The Chalk Man by CJ Tudor

The Chalk Man is a dark, creepy mystery that's part crime fiction, part horror and part coming-of-age story.

Image result for cj tudor the chalk manIn 1986, Eddie Adams is 12 years old when he meets his strange new teacher, Mr Halloran, as they both witness a horrific accident at the local fair - the first in a series of terrible tragedies to strike Anderbury, including a brutal murder and its subsequent fallout. That same summer, Eddie's friend Fat Gav, gets a tub of coloured chalks as a birthday present, which at Mr Halloran's suggestion Eddie and his friends use to leave secret messages for each other in the form of stick men drawn on the pavement.

Now a teacher in his early 40s, Eddie teaches at a local school, still lives in the house he grew up in, and has an unrequited crush on his much younger lodger, Chloe. One day, his old school friend Mickey returns to Anderbury after a long absence, claiming to be writing a book about the events of 1986 and seeking Eddie's help.

And then tragedy strikes again, and the chalk men start to reappear...

The Chalk Man is streets ahead of the generic psychological thrillers that are currently filling the bestseller charts. The plot is cleverly multilayered - there really is an awful lot going on for a book of this length, and yet it never feels sketchy or frantic; the pace is suitably measured throughout - and every character feels credible and real. In Eddie, CJ Tudor has managed to create a narrator who is not so much pulling the rug from under our feet but just giving it enough of a twitch now and again to make us feel just that little bit unsteady - and despite hints that Eddie might be harbouring some strange secrets of his own, it's somehow hard not to like him.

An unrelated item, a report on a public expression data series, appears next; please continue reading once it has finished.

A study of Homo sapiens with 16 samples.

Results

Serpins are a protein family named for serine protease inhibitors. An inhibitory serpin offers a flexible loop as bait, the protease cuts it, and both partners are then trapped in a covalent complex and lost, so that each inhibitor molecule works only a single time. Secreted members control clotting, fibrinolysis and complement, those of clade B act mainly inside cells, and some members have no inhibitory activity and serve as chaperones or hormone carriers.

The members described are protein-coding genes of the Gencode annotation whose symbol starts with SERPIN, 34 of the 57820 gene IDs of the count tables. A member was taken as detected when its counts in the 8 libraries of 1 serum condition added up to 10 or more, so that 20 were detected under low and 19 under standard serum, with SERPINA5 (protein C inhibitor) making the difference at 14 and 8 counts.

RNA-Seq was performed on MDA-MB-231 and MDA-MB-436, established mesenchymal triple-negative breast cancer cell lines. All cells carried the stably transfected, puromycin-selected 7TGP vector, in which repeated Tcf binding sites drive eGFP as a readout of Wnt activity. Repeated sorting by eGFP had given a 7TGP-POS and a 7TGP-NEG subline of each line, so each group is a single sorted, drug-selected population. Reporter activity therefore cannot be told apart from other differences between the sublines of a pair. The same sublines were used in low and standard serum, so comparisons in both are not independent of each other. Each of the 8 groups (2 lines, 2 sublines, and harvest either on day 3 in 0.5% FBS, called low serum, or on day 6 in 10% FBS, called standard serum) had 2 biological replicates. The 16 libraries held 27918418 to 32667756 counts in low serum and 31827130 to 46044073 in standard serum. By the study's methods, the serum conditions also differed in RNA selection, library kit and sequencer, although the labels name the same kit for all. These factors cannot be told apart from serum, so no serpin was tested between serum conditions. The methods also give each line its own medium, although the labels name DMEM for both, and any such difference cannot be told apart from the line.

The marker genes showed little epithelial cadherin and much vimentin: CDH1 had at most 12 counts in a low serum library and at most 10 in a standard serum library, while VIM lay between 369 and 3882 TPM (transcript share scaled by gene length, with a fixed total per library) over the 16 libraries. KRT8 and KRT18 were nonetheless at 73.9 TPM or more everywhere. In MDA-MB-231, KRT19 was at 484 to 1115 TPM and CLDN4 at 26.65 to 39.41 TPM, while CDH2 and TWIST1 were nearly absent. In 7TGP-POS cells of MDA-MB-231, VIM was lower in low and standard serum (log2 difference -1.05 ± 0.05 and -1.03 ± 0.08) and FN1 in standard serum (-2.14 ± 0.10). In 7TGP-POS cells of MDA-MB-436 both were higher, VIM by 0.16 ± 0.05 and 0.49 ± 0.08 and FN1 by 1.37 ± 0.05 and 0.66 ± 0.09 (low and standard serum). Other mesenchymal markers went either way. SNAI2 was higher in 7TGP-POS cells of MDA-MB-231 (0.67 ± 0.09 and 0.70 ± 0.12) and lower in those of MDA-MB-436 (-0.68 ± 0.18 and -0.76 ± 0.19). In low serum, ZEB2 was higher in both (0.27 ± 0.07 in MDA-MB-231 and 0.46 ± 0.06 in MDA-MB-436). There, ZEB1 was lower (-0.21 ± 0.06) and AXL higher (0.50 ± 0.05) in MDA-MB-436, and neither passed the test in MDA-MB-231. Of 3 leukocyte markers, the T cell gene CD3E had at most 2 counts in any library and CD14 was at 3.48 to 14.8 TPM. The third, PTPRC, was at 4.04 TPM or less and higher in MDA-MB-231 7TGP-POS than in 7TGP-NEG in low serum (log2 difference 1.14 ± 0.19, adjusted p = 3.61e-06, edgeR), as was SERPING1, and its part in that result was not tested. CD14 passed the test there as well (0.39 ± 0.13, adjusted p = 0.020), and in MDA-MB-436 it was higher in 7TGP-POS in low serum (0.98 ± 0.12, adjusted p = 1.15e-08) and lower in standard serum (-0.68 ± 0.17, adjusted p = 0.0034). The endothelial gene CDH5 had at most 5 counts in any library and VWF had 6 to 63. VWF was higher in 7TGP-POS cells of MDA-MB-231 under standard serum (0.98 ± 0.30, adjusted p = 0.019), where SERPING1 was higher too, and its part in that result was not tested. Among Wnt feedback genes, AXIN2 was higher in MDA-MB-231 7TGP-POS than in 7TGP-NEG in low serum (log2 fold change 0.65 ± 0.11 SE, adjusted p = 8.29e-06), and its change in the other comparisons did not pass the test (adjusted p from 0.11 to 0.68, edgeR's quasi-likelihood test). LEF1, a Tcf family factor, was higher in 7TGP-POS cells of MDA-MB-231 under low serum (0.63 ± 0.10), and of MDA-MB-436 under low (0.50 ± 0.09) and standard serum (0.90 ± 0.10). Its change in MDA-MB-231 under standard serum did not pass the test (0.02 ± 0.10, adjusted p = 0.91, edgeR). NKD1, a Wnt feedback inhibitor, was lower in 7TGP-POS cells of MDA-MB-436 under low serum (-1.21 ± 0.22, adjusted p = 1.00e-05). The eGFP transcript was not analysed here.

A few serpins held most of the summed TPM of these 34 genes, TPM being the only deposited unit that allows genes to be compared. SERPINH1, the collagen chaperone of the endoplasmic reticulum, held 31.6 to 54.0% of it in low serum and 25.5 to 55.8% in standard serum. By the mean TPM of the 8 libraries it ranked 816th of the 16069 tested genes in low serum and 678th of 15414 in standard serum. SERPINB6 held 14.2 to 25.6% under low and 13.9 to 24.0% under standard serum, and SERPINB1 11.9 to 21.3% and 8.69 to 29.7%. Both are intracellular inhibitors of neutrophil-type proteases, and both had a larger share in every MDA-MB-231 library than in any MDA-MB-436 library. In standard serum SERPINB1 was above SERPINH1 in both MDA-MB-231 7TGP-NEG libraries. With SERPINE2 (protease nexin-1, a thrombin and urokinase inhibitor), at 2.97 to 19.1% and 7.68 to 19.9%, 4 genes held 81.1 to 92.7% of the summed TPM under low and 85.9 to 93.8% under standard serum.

While this isn't a supernatural story as such, there are certainly elements of horror fiction in this book, with Eddie's nightmares feeling disturbingly vivid. The Chalk Man comes with the endorsement of Stephen King on the cover and I can certainly see why; there are themes here that King often returns to in his own work and I felt there were strong echoes of It here and there. But The Chalk Man is a much more subtle, much more streamlined, much more character-driven novel than that, and it feels fresh, original and well-written. There's barely a word here that seems poorly chosen.

The Chalk Man was one of the most enjoyable thrillers I've read for a long time and is an impressive debut. I'll definitely be looking out for more by this author.

The Chalk Man is out in paperback in August but at the time of going to press, the hardback is only £6 on Amazon. It's also available for Kindle. If you don't like Amazon, you can also order it from Hive, Wordery or Waterstones.